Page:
Commonly called the rainbow lizard, the red-headed agama's crimson crown is just the start of his display. While females and non-dominant males are not so brightly colored, a breeding male has a red or orange head, blue body and a tail that can be either red, deep blue or striped turquoise. The male's colors intensify during breeding season. They also change when he's contemplating a fight with another male. Preceding a fight, his head turns brown and white spots appear on his body. Females and young males are typically brown or olive green with a white belly, and a head that is slightly different color than their body.
Dominant male red-headed agamas establish a territory and govern a group of ten to 20 females and juveniles within the territory. Subordinate males, if allowed to remain, must be submissive to the male leader, such as allowing him the choice spot for basking in the sun. Males fight for territory and control of the group, with the winner gaining the right to breed with the females.
Female red-headed agamas lay eggs in clutches, with the average clutch containing between five and seven eggs. All of the eggs in a clutch will be the same sex, which is determined by the ambient temperature. Eggs laid when temperatures are between approximately 78 and 83 degrees Fahrenheit produce females, while eggs laid when temperatures are approximately 84 degrees Fahrenheit or higher produce males.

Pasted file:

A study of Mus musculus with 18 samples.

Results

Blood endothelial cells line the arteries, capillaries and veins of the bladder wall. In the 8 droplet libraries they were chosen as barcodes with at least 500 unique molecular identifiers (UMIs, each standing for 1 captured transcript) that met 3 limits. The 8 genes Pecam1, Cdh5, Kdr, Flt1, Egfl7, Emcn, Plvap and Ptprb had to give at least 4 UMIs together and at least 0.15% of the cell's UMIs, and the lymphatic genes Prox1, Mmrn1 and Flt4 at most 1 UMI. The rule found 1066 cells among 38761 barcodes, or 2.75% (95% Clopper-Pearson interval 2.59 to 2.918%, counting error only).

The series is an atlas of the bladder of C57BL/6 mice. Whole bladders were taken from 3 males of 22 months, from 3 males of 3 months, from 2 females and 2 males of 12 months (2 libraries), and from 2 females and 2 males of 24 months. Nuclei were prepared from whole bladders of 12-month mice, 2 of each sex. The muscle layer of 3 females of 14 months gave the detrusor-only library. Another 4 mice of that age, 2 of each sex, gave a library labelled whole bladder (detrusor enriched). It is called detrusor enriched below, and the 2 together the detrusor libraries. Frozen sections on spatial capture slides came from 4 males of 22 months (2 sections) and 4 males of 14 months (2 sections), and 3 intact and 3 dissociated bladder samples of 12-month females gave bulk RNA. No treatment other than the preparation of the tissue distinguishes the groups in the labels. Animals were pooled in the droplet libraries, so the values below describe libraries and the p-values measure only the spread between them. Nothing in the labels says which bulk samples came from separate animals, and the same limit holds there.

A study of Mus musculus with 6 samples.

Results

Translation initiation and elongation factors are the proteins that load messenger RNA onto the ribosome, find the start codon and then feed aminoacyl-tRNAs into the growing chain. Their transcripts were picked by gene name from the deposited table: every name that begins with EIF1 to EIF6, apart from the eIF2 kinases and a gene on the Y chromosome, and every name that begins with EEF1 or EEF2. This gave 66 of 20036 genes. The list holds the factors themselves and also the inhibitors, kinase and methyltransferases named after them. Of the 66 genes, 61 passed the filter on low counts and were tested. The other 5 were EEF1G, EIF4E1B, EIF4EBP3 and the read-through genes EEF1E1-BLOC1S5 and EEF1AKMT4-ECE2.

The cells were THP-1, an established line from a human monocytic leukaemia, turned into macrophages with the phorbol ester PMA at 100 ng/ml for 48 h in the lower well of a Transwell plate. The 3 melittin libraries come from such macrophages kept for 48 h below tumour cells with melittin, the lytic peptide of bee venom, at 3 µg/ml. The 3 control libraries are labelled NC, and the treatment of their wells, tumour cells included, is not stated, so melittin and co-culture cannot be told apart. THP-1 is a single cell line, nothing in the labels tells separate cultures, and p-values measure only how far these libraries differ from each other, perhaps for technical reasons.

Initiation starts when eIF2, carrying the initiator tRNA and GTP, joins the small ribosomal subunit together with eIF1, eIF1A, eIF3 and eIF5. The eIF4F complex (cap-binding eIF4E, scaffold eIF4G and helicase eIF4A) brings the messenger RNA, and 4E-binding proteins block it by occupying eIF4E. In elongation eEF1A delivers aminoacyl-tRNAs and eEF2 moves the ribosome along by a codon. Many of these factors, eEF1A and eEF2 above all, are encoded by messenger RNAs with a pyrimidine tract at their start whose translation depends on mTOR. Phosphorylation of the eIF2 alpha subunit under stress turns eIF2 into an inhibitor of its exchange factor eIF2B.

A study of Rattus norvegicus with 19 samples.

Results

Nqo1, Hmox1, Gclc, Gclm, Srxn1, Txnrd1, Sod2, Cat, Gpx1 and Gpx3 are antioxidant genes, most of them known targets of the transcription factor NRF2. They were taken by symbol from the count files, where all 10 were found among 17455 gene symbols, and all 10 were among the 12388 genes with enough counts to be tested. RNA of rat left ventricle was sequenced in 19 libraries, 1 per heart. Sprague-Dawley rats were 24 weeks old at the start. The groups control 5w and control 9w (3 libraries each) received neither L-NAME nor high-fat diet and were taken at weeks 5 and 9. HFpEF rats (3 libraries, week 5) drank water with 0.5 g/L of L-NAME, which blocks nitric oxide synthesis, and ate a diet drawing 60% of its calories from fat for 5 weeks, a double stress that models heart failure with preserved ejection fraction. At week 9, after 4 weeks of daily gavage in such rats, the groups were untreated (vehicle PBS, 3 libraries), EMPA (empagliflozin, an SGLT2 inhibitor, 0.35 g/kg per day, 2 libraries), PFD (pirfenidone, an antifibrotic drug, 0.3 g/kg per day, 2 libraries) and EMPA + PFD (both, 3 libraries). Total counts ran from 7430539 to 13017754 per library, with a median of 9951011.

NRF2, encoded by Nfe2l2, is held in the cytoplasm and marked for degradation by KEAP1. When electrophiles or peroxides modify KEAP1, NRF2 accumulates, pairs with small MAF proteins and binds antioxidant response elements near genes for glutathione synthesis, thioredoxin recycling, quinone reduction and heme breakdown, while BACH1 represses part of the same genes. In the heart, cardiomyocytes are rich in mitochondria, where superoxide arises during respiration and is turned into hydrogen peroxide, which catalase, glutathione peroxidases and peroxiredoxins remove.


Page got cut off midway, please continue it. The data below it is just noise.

Rainbow lizards put on distinctive displays before breeding and fighting, and also use head nodding and bobbing to signal their position within the hierarchy of the group. A dominant male courting a female will start by bobbing his head, which can look like he's doing push-ups with the front half of his body. When preparing to fight, he will bob with his whole body, arch his body and hop sideways. The male offers the display several times, giving the challenger an opportunity to retreat before attacking.
The main-stay of an agama's diet are insects like grasshoppers, ants and beetles, but they will also eat small vertebrates and some plants on occasion. They have a special patch on the tip of the tongue that is covered with sticky mucous that helps them trap their food. An agama lizard doesn't go out hunting for his food, but waits for it to come to him. He will hide in grasses or shrubbery and pounce on insects when they come close enough for him to catch them with his tongue.